Abraham Yakin was born in 1924 in Jerusalem. During the Second World War he joined the British Navy and served three years in the Mediterranean fleet, thus having a chance to become acquainted with the art treasures in Egypt, Greece, France and Italy. After the war he returned to Jerusalem and became a member of the Haganah Underground Movement. At the same time, he started his artistic training at the Bezalel Academy, where he studied especially with Jacob Steinhardt and Mordecai Ardon.
With Israel's Declaration of Independence, he became a member of the new Israeli Armed Forces. He resumed his studies in 1950, and he had his first exhibition in 1953. In 1957 he married Hannah, an artist who had recently emmigrated from the Netherlands. From that time on the couple divided their time between raising their eight children, teaching art in Jerusalem, and exhibiting extensively in Israel, Europe and the United States.
In 1961 Abraham Yakin won the international Adolphe Neuman Prize in Paris. Works by the Yakins are in the Israel Museum, Jerusalem, the Musee d'Art Juif, Paris, and in numerous museums in the Netherlands.
Among those who possess works by Abraham or Hannah Yakin are Isaac Stern, violinist, New York; Yehudi Menuhin, violinist, London; Teddy Kollek, former mayor of Jerusalem; Itshak Shamir, former Prime Minister of Israel; the late Prof. Vladimir Halperin, Geneva; Lev Shargorodsky, author, Geneva; Mr. S. Foellmi, President du Conseil d'Etat of Gelderlad, the Netherlands; Ex-governor Marvin Mandel, Annapolis, Maryland; the late Ariel Aran, former Ambassador of Israel in Vienna; Rabbi D. Lilienthal, Amsterdam; Prof. Yitshak Lior, Israeli Ambassador to the U.N., Geneva; Raymond Weil, Geneva; Rabbi Farhi, Paris; Rabbi Pauline Bebe, Paris; the late Governor Nelson Rockefeller, New York; John Lewis, U.S. Congressman, Atlanta, Georgia; Judge Albert L. Sklar, Baltimore, Maryland; Prof. Edward Kass, Harvard University, Mass.; Prof. Marvin Wachman, President, Temple University, Philadelphia; Rabbi Robert Shapiro, Swampscott, Mass.; Rabbi A. Gottschalk, Cincinnati, Ohio.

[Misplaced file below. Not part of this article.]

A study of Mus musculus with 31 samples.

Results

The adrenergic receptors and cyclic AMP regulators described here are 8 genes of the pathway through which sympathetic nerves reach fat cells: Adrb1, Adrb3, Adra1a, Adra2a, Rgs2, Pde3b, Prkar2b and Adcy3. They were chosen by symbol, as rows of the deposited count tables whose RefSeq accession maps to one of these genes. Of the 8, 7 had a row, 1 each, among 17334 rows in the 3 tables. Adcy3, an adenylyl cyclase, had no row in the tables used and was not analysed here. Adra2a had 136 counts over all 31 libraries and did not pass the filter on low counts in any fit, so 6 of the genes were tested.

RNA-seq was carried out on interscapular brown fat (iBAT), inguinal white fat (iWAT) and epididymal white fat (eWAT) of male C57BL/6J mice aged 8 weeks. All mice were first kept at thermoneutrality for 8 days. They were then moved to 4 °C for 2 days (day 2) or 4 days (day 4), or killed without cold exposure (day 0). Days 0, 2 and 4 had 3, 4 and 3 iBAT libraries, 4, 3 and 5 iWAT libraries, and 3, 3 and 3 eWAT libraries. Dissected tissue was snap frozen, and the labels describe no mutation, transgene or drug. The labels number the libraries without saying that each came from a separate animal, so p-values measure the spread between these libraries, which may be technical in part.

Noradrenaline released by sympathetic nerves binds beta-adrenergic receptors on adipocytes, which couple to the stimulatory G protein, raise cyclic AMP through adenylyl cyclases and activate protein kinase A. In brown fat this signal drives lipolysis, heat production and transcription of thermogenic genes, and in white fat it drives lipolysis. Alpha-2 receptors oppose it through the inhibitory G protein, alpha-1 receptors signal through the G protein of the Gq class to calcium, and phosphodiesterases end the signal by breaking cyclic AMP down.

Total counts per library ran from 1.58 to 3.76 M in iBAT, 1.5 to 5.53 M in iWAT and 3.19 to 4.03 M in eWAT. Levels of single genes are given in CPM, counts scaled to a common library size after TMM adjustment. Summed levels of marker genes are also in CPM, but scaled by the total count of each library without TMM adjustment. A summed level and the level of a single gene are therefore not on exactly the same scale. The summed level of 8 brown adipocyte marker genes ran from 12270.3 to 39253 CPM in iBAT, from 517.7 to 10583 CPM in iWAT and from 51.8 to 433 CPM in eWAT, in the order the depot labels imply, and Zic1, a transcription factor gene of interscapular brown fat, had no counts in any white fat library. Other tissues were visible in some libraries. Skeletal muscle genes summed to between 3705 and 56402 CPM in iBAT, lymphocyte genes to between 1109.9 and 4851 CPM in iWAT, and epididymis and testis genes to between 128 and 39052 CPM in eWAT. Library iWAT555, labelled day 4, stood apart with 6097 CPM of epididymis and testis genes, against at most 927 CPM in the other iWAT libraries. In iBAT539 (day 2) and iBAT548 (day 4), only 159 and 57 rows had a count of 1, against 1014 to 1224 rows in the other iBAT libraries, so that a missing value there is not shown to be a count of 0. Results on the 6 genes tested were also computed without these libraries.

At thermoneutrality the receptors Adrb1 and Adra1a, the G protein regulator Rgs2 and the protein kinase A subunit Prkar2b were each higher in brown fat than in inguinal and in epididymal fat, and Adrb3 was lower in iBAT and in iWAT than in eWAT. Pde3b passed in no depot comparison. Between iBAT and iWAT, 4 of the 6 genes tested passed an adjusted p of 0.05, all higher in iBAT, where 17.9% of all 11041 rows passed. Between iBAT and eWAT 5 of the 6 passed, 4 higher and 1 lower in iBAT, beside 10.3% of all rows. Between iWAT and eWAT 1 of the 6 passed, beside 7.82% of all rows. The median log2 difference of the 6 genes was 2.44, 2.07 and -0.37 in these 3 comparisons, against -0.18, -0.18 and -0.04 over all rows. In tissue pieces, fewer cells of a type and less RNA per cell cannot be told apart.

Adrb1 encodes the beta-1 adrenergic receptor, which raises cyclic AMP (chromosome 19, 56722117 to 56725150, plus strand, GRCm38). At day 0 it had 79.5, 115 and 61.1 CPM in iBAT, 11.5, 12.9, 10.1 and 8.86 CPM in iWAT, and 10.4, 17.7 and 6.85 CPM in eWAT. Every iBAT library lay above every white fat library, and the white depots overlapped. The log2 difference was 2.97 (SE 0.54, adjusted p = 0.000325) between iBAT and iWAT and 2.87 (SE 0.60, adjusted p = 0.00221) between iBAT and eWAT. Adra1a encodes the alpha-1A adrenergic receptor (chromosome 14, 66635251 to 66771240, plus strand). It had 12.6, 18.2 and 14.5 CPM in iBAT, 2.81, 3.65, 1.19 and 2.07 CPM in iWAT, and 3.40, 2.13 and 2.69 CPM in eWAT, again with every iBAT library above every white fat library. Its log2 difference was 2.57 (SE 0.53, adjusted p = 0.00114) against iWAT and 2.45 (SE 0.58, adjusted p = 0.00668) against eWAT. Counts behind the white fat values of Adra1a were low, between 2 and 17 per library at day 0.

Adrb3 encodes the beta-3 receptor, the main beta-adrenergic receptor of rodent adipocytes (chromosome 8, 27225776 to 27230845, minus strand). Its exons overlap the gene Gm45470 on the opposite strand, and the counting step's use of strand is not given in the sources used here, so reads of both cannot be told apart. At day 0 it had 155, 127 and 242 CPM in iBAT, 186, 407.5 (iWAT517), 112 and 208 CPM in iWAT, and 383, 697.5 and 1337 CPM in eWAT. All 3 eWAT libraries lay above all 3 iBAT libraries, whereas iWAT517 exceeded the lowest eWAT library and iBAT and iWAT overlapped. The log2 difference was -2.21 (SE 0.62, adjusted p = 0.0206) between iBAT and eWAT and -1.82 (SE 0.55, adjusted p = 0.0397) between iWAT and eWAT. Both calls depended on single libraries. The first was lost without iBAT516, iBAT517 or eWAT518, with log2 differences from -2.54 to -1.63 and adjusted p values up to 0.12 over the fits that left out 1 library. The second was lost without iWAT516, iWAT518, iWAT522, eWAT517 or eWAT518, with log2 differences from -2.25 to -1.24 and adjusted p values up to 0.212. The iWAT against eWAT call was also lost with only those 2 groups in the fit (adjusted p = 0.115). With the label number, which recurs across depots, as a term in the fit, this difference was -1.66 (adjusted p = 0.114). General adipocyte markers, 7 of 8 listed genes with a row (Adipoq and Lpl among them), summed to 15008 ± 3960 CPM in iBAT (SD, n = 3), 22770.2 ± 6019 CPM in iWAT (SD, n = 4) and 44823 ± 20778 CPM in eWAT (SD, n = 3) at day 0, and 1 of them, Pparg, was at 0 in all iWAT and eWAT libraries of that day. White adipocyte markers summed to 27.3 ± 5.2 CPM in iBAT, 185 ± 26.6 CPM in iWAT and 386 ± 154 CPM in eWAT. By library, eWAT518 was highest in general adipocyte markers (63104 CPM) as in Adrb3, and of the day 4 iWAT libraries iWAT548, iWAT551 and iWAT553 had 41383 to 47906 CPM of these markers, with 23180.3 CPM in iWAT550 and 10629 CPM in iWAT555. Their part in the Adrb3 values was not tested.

Hannah was born in Holland in 1933. During World War II, when she couldn't go to school and no paper was available, she used to erase what was written in old copybooks to compose and illustrate poems and stories, or to invent plays for the family to act. After sundown she would sit on the stairs and improvise on a violin while her sisters danced in the dark. Strange as it may appear, these were happy times in which necessity bore creativity.
After the war she went to high school and studied art in Utrecht and in Paris with Paul Colin. In 1956 she immigrated to Israel where she met and married the artist Abraham Yakin. During the first years of her marriage she concentrated chiefly on the themes of pregnancy, birth-giving and motherhood. After 1965 she created two large series of etchings, one about evolution, the other about music and musicians. In 1978 she took up writing, this time in English. Some of her short stories were published in American and Canadian literary magazines. A number of her stories were recently broadcast by the BBC World Service. She has published three illustrated books in small editions, as collectors' items.